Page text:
Shopcade taps into social nature of shopping online
Social commerce site Shopcade was dreamed up by well known entrepreneur Nathalie Gaveau to help online shopping to evolve. Gaveau enjoyed the UK’s largest startup exit at roughly $250 million, after successfully building a French Ebay competitor, leading her to the launch of Shopcade which allows users to discover new products, list what they want, and get exclusive deals so that shoppers are more connected and more interactive.
“It can be lonely shopping online,” Gaveau told AGBeat, adding that it is akin to window shopping endlessly without anyone to banter with, and with the emergence of women shoppers online en masse, so comes the emergence of “screenshopping,” which Gaveau notes has been poorly facilitated up to this point. Shopcade answers the call by featuring over 100 million products from over 100,000 brands from fashion to home interiors to tech.
The evolution of e-commerce online is much like that in the brick and mortar world: competitors are popping up everywhere. Shopcade solves the problem of being in all places at once, giving shoppers a single location to browse. The company notes that graph technologies and natural language processing are at the heart of this “online shopping breakthrough.”
Enter discovery mode
One of the most fascinating parts of Shopcade is not that it gathers retailers, but that users can create saved lists of everything they want and see what others are saving as well, adding a discovery engine of sorts. Additionally, Shopcade picks out new products and notable products, making personal recommendations for users based on their saved preferences.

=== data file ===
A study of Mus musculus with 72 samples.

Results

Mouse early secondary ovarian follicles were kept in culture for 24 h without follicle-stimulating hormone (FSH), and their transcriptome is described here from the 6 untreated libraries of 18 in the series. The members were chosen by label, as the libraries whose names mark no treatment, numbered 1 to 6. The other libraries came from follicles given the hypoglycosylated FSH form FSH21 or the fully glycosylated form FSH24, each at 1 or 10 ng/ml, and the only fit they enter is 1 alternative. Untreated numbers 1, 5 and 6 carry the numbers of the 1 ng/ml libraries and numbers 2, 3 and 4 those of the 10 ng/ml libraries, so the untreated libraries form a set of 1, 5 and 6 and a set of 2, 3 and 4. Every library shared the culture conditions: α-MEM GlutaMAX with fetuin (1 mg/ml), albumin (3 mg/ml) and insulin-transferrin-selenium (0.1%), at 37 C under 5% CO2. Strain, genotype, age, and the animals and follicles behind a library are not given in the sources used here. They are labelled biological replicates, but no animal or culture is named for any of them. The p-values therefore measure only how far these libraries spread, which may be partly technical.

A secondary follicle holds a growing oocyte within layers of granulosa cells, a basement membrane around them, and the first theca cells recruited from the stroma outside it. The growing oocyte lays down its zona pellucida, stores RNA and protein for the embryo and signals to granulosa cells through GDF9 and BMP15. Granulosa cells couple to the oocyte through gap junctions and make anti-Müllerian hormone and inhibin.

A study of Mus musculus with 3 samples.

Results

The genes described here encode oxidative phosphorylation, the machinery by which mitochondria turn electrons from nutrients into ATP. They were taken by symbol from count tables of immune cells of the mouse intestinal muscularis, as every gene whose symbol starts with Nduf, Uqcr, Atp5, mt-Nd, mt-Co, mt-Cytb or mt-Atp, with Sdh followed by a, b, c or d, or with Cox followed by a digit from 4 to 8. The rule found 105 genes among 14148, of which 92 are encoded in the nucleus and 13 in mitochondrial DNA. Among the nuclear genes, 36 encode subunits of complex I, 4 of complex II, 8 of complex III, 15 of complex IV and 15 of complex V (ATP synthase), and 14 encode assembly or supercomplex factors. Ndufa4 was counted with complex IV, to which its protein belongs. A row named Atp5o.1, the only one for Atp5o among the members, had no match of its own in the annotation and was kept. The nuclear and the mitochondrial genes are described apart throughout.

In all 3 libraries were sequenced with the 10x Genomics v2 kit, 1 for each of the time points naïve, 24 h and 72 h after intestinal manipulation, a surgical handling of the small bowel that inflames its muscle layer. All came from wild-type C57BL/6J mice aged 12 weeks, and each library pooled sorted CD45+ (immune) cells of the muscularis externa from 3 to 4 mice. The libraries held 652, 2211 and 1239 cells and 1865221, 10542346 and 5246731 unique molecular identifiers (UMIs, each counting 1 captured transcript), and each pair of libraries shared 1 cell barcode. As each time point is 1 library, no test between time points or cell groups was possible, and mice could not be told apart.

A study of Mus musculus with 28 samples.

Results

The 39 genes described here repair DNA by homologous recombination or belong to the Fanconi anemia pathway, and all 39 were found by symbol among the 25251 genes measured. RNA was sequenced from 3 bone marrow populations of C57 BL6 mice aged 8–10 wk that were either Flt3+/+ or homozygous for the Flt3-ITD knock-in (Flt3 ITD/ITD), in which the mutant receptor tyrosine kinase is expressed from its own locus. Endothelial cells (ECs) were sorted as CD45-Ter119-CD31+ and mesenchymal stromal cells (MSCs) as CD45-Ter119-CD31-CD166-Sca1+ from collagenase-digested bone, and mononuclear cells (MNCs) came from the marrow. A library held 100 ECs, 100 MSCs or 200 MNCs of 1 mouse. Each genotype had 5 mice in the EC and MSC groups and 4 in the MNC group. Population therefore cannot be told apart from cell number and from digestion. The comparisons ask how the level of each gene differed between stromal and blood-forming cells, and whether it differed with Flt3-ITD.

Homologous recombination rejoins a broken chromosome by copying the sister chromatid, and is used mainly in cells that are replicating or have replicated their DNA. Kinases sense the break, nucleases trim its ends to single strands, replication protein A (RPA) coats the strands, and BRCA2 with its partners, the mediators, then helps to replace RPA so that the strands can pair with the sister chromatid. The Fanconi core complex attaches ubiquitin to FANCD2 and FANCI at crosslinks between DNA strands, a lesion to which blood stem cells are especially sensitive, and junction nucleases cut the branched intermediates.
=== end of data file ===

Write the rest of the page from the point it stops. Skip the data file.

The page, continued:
While the company does not go window shopping with you while sipping a latte and gossiping about your coworkers, it is the next best thing as it not only streamlines screen shopping, but discovers your likes and helps you to expand your shopping horizons.
Connecting retailers and shoppers
With the help of Shopcade, e-commerce is evolving to understand us as shoppers and by getting commerce to spread virally through users, which is far different than direct promotions that are tailored to groups rather than individuals.
Retailers of all size are connecting more fruitfully with consumers online now, and with new technologies like Shopcade, the connections are smarter and more productive.